Notable Native: Frank Gardner


Angela Conners

Frank Gardner

By Metro Editor

Frank Gardner, a 2012 Columbia film alumnus, is taking his lifelong passion for the environment to Chicago’s political sphere by running for commissioner of the Metropolitan Water Reclamation District of Greater Chicago, which manages the Chicago Area Waterway System. He has been campaigning for the March 18 election since September. Gardner said his brief and enjoyable time as a volunteer at the Forest Preserve District of Cook County during his senior year of college sparked his desire to take his love for nature beyond forest hikes and turn it into a job that he thinks can really make a difference.

Gardner spoke with The Chronicle about his time at Columbia, vision for Chicago’s environment and desire to spread his message.

THE CHRONICLE: What sparked your interest in running for a commissioner position at the MWRD?

FRANK GARDNER: My passion [and] my zeal for the environment have always been great and I thought, ‘What better way than actually getting involved and getting actual hands on experience?’ [Also], with the cleanup activities [I did] at the Forest Preserve District of Cook County, I feel that’s something I offer that makes my candidacy unique. I always had a great deal of respect for treating this planet right. We live here. I think we should all participate [and] just do our very best to make sure we don’t trash it up.

CC: Why did you decide to major in film at Columbia?

FG: I always enjoyed movies. Upon entering Columbia, my focus was on directing and I realized I preferred writing screenplays. I consider that to be my area of expertise among film. I found that to be the most interesting, so that is what my focus was on when I was at Columbia.

CC: What do you enjoy about living in the city?

FG: I think when people think of America, they really think of Chicago and I just want this city to be the best it possibly could be. By getting involved in the Metropolitan Water Reclamation District, I thought that is obviously the best solution to better it, and I hope that I can do my best.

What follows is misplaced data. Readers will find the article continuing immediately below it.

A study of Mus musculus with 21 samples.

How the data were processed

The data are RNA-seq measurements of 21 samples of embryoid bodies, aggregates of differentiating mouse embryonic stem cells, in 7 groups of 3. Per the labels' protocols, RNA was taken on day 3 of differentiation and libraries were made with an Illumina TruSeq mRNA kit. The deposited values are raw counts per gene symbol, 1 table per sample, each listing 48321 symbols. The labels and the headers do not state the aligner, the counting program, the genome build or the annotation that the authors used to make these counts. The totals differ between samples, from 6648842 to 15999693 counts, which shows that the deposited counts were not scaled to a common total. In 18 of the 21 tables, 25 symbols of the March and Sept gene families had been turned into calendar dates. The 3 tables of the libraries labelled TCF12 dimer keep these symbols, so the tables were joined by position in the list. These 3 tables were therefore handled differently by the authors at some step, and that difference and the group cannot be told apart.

CC: Have your parents been supportive throughout your candidacy?

FG: They have always been very supportive. I cannot thank them enough. My parents have definitely inspired me. They have always been very passionate about environmental protection, so I’ve taken after them in that regard.

CC: How did your time at the forest preserve impact you?

FG: [It] shaped me into the man I am now, in addition to my time at Columbia College because attending college is when you really become the person you were meant to be. I believe that’s what gave me the push for my candidacy for office.

CC: What would you like to see improved?

FG: We need to rectify the issue with the Asian carp [and] the deep tunnel project. I would also advise we cut the staff, [specifically] the board of commissioners. Currently there are nine commissioners and they rotate with every election. Three will be elected this upcoming election, and I believe that we really only need three. We can save taxpayers a measurable amount of money.

CC: Do you think there is enough awareness about environmental issues?

FG: There is certainly always room for improvement. As far as awareness is concerned, I think the awareness is there. As far as involvement, obviously that’s what we need to push for and that’s what the emphasis needs to be on.

CC: What do you hope for the future?

FG: Just the betterment of Chicago [and] the ever growing improvement of this great city.